Will the FBS addition of the James Madison football affect Virginia, VT?

James Madison football is joining the FBS ranks this fall, a year earlier than initially anticipated. The Dukes will compete as members of the Sun Belt Conference after years of success at Division I FCS level. After the official announcement in February, the school released its 2022 football schedule, which features five home games against FBS opponents and a full set of Sun Belt Conference games.

As a public university in Harrisonburg, Va. with an enrollment of more than 22,000 students, the Dukes could have an impact on in-state ACC schools such as Virginia and Virginia Tech.

James Madison finished the 2021 season with a 12-2 record and an appearance in the FCS semifinals – the third straight season in which it has advanced that far in the playoffs. The Dukes have finished with four seasons of 12 or more wins since 2016, which was the year that James Madison won the FCS national title.

That 2016 Dukes squad knocked off the perennial FCS juggernaut North Dakota State in the semifinals before defeating Youngstown State in the championship game for the program’s second national title (JMU also won in 2004).

Two James Madison players have heard their names called at the NFL Draft in the previous three years: cornerback Jimmy Moreland by the Washington Commanders in 2019 and quarterback Ben DiNucci by the Dallas Cowboys in 2020.

By drawing more than 18,000 fans per game in 2019, James Madison was attracting more fans to its home games at Bridgeforth Stadium (capacity 25,000) than 27 other FBS schools.

Head coach Curt Cignetti has compiled a 33-5 win-loss record in just three seasons on the job at James Madison. He and the top two assistants – offensive coordinator Mike Shanahan and defensive coordinator Bryant Haines – came to James Madison from Elon University, an FCS school in North Carolina.

The rise of James Madison to college football’s highest level now gives the state of Virginia its fifth FBS team in addition to Virginia, Virginia Tech, Old Dominion, and Liberty.

Virginia Tech has been the state’s flagship college football program. The Hokies were contenders on the national stage under longtime head coach Frank Beamer, collecting wins in the Orange Bowl and the Sugar Bowl and compiling six 11-win seasons under his watch.

With “Beamer Ball,” the Hokies cracked the AP Top 10 in 14 different seasons as members of the Big East and the ACC. After a lackluster stretch under Justin Fuente from 2016 until last season, Virginia Tech hired Penn State defensive coordinator Brent Pry as its new boss for this fall.

Virginia, though a power conference team, has been more mediocre than good. The Cavaliers haven’t finished a season ranked in the AP Top 25 since 2004, and the program has had only four winning seasons since 2007.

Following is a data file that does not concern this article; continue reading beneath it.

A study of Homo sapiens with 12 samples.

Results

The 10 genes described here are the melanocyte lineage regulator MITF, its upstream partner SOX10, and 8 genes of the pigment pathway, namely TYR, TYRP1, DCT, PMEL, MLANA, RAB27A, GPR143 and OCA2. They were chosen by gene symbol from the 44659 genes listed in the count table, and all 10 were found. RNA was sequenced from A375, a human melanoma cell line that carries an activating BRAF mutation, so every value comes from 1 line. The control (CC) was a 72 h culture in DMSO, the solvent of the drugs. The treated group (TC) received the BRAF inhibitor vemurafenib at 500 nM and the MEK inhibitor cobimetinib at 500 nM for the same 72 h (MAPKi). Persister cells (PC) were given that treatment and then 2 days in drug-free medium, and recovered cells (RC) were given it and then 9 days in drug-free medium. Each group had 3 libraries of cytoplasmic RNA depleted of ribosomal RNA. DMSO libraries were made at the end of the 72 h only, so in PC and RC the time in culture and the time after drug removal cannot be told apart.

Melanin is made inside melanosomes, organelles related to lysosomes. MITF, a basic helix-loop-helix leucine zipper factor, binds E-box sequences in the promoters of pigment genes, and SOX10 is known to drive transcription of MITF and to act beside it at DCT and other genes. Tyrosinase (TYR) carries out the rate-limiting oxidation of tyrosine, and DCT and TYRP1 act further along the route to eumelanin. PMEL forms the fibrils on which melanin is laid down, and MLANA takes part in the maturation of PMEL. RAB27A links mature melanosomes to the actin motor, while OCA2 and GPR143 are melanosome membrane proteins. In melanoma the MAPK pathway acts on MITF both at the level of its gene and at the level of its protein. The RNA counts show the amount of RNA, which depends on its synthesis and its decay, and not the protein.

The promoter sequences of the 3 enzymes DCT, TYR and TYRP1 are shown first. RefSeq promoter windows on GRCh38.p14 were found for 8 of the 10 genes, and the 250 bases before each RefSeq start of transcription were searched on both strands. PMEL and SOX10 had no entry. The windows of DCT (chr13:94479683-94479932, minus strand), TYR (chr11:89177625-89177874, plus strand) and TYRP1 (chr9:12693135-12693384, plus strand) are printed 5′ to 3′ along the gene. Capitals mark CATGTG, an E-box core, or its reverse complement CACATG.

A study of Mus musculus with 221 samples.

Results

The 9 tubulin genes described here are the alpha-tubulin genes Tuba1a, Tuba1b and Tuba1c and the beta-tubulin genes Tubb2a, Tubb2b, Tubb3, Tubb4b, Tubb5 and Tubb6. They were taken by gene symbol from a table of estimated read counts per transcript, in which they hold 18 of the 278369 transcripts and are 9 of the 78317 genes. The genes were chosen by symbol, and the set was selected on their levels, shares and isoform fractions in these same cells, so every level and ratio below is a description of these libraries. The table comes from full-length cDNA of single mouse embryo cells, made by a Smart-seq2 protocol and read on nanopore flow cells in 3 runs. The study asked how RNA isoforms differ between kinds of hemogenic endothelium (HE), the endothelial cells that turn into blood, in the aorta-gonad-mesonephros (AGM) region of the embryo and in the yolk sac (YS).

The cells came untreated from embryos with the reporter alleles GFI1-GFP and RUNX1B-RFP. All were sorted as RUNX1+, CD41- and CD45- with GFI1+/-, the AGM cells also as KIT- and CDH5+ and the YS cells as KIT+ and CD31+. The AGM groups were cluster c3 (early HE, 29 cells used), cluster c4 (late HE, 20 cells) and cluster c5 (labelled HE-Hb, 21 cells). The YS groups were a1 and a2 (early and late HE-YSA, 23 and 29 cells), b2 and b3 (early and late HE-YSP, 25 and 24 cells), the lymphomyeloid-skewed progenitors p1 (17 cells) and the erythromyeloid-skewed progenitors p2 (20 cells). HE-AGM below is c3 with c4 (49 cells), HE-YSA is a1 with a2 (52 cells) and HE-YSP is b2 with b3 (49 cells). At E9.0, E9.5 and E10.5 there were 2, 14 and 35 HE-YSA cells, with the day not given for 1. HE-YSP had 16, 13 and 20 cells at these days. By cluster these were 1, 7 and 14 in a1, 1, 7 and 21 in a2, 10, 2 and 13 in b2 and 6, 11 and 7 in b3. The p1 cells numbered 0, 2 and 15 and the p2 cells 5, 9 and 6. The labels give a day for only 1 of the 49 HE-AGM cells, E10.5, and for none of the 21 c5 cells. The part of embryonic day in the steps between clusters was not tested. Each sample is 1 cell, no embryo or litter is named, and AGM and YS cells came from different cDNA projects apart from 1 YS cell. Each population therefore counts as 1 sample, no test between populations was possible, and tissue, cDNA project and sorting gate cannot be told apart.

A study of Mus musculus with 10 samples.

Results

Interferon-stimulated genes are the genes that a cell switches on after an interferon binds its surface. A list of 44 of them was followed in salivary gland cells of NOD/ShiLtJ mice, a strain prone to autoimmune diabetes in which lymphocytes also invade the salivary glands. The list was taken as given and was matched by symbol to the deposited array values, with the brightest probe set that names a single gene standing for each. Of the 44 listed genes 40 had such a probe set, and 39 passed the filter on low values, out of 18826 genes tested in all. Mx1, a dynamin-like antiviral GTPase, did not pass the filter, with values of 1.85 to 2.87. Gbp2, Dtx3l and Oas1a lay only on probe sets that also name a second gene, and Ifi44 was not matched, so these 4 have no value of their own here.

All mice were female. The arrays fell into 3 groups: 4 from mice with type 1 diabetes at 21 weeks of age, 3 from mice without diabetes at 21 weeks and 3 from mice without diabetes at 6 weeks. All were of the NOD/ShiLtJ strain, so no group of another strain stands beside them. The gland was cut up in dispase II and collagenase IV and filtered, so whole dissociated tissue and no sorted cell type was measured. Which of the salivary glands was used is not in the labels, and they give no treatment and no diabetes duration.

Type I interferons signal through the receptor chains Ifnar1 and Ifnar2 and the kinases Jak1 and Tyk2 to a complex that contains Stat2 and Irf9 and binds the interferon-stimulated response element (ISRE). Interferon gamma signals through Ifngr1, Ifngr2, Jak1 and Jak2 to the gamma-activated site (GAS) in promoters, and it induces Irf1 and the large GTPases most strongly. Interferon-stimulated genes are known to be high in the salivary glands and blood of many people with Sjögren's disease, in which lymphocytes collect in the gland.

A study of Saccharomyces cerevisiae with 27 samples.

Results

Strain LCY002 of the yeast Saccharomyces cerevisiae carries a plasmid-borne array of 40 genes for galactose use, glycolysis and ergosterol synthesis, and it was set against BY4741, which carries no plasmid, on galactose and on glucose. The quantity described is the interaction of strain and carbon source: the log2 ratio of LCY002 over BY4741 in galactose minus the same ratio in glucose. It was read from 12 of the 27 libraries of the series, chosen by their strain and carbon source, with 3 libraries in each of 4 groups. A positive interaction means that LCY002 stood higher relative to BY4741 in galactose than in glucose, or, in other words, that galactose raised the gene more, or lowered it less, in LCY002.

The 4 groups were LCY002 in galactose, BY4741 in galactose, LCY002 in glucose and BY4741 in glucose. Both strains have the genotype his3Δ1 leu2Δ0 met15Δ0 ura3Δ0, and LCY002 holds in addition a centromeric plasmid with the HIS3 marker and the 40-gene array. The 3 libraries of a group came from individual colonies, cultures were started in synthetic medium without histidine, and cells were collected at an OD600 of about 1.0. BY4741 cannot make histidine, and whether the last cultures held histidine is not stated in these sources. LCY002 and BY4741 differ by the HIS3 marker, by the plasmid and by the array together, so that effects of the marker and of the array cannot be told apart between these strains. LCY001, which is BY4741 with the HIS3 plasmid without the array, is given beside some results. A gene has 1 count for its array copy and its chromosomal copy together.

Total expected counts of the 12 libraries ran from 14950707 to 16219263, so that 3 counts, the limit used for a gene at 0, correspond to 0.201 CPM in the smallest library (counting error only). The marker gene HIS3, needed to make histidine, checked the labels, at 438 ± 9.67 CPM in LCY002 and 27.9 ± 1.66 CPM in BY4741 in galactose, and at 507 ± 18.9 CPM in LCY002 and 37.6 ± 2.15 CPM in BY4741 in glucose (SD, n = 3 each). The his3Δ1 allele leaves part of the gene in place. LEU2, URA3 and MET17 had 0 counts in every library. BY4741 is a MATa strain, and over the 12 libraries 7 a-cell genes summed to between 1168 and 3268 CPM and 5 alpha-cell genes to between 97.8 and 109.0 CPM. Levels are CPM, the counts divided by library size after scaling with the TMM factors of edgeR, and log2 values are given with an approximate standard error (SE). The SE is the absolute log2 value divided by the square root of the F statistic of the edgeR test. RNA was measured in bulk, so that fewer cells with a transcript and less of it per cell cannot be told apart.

Other recent FBS additions

Other teams have recently paved the way for James Madison football’s success in joining the FBS, the top level of Division I college football.

Central Florida joined the FBS in 1996 and won 10 or more games six times in a decade-long stretch from 2010 to 2019. The Knights went 13-0 in 2017 and had a legitimate claim to winning the national championship.

11 UCF players have been drafted by NFL teams in the past four seasons. The program has become one of the most respected “Group of Five” teams during its time with the American Athletic Conference, but UCF is headed to the Big 12 soon.

The University of Texas at San Antonio joined the FBS as recently as 2012. In just their first decade of top-flight action, the Roadrunners have reached some impressive heights. In 2021, the team reached the No. 15 ranking in the Top 25 after an 11-0 start to the season (including wins against Memphis and the Big Ten’s Illinois), finishing with a 12-2 record.

It may be no accident that the newfound success of Knights and the Roadrunners as proverbial college football outsiders has occurred along with the remarkable demise of big-time programs in the same state: Florida State, Miami, and Florida and Texas, respectively.

Florida State has fallen to some notable lows for a program that has recently won a national title. The Seminoles have cycled through three head coaches in the past five years and haven’t had a winning season since 2017.

Texas, too, is one of college football’s blue bloods with Heisman Trophy winners and national title-winning teams to its name, yet the Longhorns have finished with four losing seasons in the past eight years. For all of the five-star talent that has come through Austin, Texas has finished in the AP Top 25 only four times since 2010.

The plights of Florida State and Texas are more complicated than simply pointing to the success of UCF and UTSA – but it’s an important piece of that puzzle.

51 football players on James Madison’s current roster hail from the state of Virginia. If the Dukes are able to build on their success at the FCS level, the in-state competition for recruits, attention, and resources with the Cavaliers and the Hokies may come at a cost to Virginia’s two power conference schools.